Can You Pinpoint Chronic Spontaneous Urticaria Triggers?

Medically Reviewed by Neha Pathak, MD on October 08, 2021
4 min read

The intense itching. The sleepless nights. The unpredictability. All the things you’ve tried to get rid of your hives -- or at least to calm the itch a bit. If you’ve been diagnosed with chronic spontaneous urticaria (CSU), also known as chronic hives, you know how frustrating and life-altering it can be. What more can you do, especially when your doctor doesn’t know what’s causing it? (And you’re not alone there; a cause isn’t found in 80% to 90% of people with CSU.)

Though they’re not the underlying cause of CSU, some things have the potential to aggravate your condition, says Jacquelyn Sink, MD, a dermatologist at Northwestern Medicine Regional Medical Group in Chicago.

This is actually good news because with some careful tracking, you just may be able to figure out exactly what your personal triggers are. And if you can ID your triggers, you can take steps to avoid them.

What triggers CSU is different for everyone, says Ohara Aivaz, MD, a dermatologist and internist at Cedars-Sinai Medical Group in Los Angeles. But there are plenty of things that are known to cause flare-ups or make CSU worse in many people. Common triggers include:

  • Nonsteroidal anti-inflammatory drugs (NSAIDs) such as aspirin and ibuprofen
  • Antibiotics, particularly penicillin and sulfa
  • Narcotics (pain medications)
  • Lack of sleep
  • Stress
  • Alcohol
  • Rich meals
  • Spicy or fermented foods
  • Dramatic changes in your diet
  • Environmental factors such as sunlight, cold, and heat (like hot showers or extreme humidity)
  • Tight clothing, straps, or areas of friction such as under your arms and on your inner thighs
  • Menstrual cycle
  • Not taking your antihistamine regularly
  • Illness or infection

When you have hives that just won’t go away, it’s important to see a doctor. You’ll need tests to make sure there isn’t a medical cause like an infection, a medication, or a disease such as rheumatoid arthritis, diabetes, or a thyroid condition. Aivaz says these blood tests should be included to help your doctor rule out those problems:

  • A complete blood count (CBC) with differential. These numbers are often normal in people with CSU. Rarely, very high counts of a type of white blood cell called eosinophils can be a sign that an allergic disorder or parasitic infection is causing the CSU, Aivaz says.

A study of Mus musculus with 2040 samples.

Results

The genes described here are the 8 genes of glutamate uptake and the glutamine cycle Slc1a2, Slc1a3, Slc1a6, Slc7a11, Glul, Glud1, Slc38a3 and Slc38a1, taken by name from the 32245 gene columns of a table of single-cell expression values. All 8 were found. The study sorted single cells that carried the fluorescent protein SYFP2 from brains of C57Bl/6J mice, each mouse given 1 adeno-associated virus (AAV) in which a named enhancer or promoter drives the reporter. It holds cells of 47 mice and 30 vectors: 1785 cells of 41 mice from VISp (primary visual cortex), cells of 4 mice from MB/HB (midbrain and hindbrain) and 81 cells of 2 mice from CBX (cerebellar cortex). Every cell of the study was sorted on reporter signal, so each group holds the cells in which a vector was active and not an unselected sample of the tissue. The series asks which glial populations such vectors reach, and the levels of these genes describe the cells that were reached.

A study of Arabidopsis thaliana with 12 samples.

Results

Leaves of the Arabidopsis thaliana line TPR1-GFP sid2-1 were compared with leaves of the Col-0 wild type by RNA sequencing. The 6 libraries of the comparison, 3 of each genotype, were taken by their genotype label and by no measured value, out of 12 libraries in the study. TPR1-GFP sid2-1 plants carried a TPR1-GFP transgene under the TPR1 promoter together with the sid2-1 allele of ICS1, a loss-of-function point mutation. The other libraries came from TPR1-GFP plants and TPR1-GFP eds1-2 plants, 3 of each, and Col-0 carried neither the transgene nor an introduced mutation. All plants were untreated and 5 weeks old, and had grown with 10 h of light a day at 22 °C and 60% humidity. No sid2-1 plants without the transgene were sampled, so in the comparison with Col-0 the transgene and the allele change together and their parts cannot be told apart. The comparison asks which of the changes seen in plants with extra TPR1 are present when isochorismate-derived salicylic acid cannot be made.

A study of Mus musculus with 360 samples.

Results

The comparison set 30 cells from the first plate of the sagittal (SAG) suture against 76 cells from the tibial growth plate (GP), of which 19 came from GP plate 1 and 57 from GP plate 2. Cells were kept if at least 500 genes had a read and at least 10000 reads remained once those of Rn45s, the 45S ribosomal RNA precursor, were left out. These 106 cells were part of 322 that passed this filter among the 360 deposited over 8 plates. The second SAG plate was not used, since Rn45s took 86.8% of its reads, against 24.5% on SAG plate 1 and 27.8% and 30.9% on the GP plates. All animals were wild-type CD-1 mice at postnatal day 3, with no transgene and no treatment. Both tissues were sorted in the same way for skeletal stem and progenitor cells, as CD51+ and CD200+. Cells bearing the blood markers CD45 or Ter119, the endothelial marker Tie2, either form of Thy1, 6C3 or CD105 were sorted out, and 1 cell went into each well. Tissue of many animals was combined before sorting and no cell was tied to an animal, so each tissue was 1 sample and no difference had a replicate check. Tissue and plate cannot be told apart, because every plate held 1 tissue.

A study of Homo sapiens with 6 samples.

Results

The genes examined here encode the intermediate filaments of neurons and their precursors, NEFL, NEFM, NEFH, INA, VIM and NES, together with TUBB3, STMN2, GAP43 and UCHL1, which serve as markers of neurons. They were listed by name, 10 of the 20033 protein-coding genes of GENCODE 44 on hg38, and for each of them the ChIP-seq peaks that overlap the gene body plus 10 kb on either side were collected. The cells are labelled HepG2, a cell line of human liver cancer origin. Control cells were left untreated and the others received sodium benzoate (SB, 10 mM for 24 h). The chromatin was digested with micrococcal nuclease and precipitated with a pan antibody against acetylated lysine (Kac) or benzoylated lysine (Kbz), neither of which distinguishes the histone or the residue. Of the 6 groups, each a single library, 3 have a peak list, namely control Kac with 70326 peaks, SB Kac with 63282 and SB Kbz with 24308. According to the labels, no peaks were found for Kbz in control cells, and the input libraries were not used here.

• C-reactive protein (CRP) or erythrocyte sedimentation rate (ESR). These are often normal too. Very high values can show that your CSU is severe and won’t respond to antihistamines. If these levels are elevated, your doctor should look for an underlying systemic disease such as an autoimmune condition, infection, or cancer, Aivaz says.
  • Thyroid-stimulating hormone (TSH) and thyroid antibodies. These tests check for thyroid disease, which is more common in people with CSU.

Your doctor may also do a skin biopsy to rule out other skin problems, Sink says.

A diagnosis of CSU means there’s no clear trigger or cause behind every episode of chronic hives. If your hives are triggered most or all of the time by something specific, CSU isn’t the right diagnosis, and your doctor will need to look at what else could be going on, Sink says.

For instance, if you primarily get hives because of physical things like heat, cold, exercise, water, or sunlight, the best diagnosis is physical (or inducible) urticaria. Some people have both CSU and inducible urticaria. Many people with CSU have some flares that are triggered by physical things; they’re just not the main trigger of their symptoms, like they are with inducible urticaria.

When your symptoms flare, it’s a good idea to keep a diary. You may notice a pattern, which can help you pinpoint and avoid anything that could be a trigger for making your hives worse or causing a flare-up. Avoiding your triggers may lower the frequency and severity of your symptoms, according to Sink.

Keep track of things like:

  • Where the hives appear
  • Foods you’ve eaten
  • Exposure to cold, heat, or sunlight
  • What you were doing when the hives began
  • All the medications (both over-the-counter and prescription), supplements, and herbs you’ve taken
  • How much sleep you got the night before
  • Things you may have touched or used, such as plants, animals, or chemicals

If you don’t want to track all these, think about starting a food diary. Aivaz says this can help you spot food allergens that may be triggering your flares.

Think about keeping a mood journal too, especially if you think stress might be a trigger. This can help you identify what causes your stress so you can work on minimizing it. Less stress may help you manage your CSU, Sink says.

When you feel discouraged and frustrated, remember that it’s rare for CSU to be permanent. Half of cases go into remission within a year, and most resolve within 5 years. CSU isn’t an allergic reaction, so it’s also rare for it to cause severe problems. And, maybe most important, the symptoms can be controlled for most people. Identifying your personal triggers is an important tool that may help you manage your disease.